Microscopic Fuel Consumption and Emission Modeling
Mathematical models to predict vehicle fuel consumption and emission metrics are presented in this thesis. Vehicle fuel consumption and emissions are complex functions to be approximated in practice due to numerous variables affecting their outcome. Vehicle energy and emissions are particularly sensitive to changes in vehicle state variables such as speed and acceleration, ambient conditions such as temperature, and driver control inputs such as acceleration pedal position and gear shift speeds, among others.
Recent empirical studies have produced large amounts of data concerning vehicle fuel consumption and emissions rates and offer a wealth of information to transportation planners. Unfortunately, unless simple relationships are found between fuel consumption and vehicle emission metrics, their application in microscopic traffic and macroscopic planning models becomes prohibitive computationally. This thesis describes the development of microscopic energy and emission models using nonlinear multiple regression and neural network techniques to approximate vehicle fuel consumption and emissions field data. The energy and emission models described in this thesis utilized data collected by the Oak Ridge National Laboratory. The data include microscopic fuel consumption and emission measurements (CO, HC, and NOx) for eight light duty vehicles as a function of vehicle speed and acceleration. The thesis describes modeling processes and the tradeoffs between model accuracy and computational efficiency. Model verification results are included for two vehicle driving cycles. The models presented estimate vehicle fuel consumption within 2.5% of their actual measured values. Vehicle emissions errors fall in the range of 3-33% with correlation coefficients ranging between 0.94 and 0.99.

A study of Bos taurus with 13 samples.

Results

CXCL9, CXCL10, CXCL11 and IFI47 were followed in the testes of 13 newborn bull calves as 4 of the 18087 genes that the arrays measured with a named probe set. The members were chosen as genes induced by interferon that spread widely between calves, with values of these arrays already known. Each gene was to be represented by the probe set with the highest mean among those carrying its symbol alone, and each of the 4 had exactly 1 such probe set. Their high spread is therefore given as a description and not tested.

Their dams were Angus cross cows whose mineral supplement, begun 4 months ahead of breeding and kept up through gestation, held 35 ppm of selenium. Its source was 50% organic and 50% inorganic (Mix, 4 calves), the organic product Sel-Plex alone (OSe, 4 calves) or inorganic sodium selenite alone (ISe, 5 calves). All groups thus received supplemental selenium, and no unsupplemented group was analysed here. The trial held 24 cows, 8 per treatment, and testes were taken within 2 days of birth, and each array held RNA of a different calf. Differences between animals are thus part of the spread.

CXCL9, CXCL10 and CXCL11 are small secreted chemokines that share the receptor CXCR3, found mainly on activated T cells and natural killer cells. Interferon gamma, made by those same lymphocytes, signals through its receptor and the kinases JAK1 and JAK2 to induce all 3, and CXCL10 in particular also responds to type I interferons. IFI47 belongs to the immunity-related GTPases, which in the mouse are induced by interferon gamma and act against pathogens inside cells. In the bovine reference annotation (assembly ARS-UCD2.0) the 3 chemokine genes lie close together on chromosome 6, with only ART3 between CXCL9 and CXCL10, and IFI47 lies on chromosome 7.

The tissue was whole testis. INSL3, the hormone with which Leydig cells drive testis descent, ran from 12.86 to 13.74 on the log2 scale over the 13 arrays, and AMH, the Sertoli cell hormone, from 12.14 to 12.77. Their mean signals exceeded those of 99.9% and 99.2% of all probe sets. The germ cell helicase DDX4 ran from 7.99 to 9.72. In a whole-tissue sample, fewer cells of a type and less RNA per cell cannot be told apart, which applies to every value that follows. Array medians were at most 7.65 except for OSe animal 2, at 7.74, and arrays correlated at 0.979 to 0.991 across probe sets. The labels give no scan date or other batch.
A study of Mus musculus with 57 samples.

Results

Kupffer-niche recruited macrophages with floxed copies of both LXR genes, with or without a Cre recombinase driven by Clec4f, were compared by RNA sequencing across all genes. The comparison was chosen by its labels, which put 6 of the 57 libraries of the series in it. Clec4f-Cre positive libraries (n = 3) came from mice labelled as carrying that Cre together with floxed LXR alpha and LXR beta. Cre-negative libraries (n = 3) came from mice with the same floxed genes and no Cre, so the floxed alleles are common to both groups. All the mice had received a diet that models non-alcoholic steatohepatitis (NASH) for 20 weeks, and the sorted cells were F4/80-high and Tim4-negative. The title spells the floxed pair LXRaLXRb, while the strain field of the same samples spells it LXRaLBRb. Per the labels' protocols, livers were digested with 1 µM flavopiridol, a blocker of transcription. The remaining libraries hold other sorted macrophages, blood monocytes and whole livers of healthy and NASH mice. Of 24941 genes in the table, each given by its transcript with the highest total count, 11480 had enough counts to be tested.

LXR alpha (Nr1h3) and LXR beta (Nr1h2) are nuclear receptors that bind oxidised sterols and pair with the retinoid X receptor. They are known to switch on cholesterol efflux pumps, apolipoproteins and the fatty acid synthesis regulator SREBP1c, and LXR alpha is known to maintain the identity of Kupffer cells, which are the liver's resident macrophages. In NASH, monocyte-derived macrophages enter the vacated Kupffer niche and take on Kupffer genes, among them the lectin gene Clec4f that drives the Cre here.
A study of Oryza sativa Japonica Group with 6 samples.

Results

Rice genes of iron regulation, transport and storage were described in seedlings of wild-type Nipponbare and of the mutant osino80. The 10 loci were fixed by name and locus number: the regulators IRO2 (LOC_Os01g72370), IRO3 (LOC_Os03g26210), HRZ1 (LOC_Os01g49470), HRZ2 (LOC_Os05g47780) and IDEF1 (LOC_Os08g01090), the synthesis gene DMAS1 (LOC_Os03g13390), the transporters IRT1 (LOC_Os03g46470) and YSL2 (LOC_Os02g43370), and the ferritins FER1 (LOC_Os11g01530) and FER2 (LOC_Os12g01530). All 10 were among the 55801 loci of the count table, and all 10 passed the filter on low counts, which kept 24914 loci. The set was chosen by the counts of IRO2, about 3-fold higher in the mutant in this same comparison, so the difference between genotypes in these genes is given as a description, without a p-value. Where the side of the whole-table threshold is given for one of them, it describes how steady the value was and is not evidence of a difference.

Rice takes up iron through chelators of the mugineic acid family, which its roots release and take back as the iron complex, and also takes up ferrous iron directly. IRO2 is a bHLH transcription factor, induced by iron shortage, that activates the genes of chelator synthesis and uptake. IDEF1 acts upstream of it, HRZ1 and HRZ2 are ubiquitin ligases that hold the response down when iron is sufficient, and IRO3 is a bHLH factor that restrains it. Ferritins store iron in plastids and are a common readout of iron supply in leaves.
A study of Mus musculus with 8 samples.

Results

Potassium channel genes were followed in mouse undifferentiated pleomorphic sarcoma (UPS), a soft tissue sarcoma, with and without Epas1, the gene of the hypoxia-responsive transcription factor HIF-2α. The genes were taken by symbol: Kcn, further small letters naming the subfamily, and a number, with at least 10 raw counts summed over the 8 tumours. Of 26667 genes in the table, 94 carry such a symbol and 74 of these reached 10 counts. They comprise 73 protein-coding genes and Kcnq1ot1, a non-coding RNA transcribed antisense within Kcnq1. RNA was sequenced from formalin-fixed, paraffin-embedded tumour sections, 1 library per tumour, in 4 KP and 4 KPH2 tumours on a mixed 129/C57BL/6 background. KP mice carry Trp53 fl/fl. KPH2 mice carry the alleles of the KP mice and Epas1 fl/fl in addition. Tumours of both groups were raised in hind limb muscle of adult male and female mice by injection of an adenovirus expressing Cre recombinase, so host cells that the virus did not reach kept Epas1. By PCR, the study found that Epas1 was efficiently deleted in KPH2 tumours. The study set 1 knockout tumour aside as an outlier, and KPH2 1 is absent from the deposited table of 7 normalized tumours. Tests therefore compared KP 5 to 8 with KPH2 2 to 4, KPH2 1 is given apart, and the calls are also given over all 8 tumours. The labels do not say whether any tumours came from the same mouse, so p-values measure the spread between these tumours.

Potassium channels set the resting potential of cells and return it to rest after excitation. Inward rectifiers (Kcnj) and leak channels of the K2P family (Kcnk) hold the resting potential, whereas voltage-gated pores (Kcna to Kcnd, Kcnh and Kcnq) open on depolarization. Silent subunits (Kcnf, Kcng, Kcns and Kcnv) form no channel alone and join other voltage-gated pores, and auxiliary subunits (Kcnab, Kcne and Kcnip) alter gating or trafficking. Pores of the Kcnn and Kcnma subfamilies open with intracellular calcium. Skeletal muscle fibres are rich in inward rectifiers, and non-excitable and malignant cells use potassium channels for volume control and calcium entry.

Future transportation planning studies could also make use of the modeling approaches presented in the thesis. The models developed in this study have been incorporated into a microscopic traffic simulation tool called INTEGRATION to further demonstrate their application and relevance to traffic engineering studies. Two sample Intelligent Transportation Systems (ITS) application results are included. In the case studies, it was found that vehicle fuel consumption and emissions are more sensitive to the level of vehicle acceleration than to the vehicle speed. Also, the study shows signalization techniques can reduce fuel consumption and emissions significantly, while incident management techniques do not affect the energy and emissions rates notably.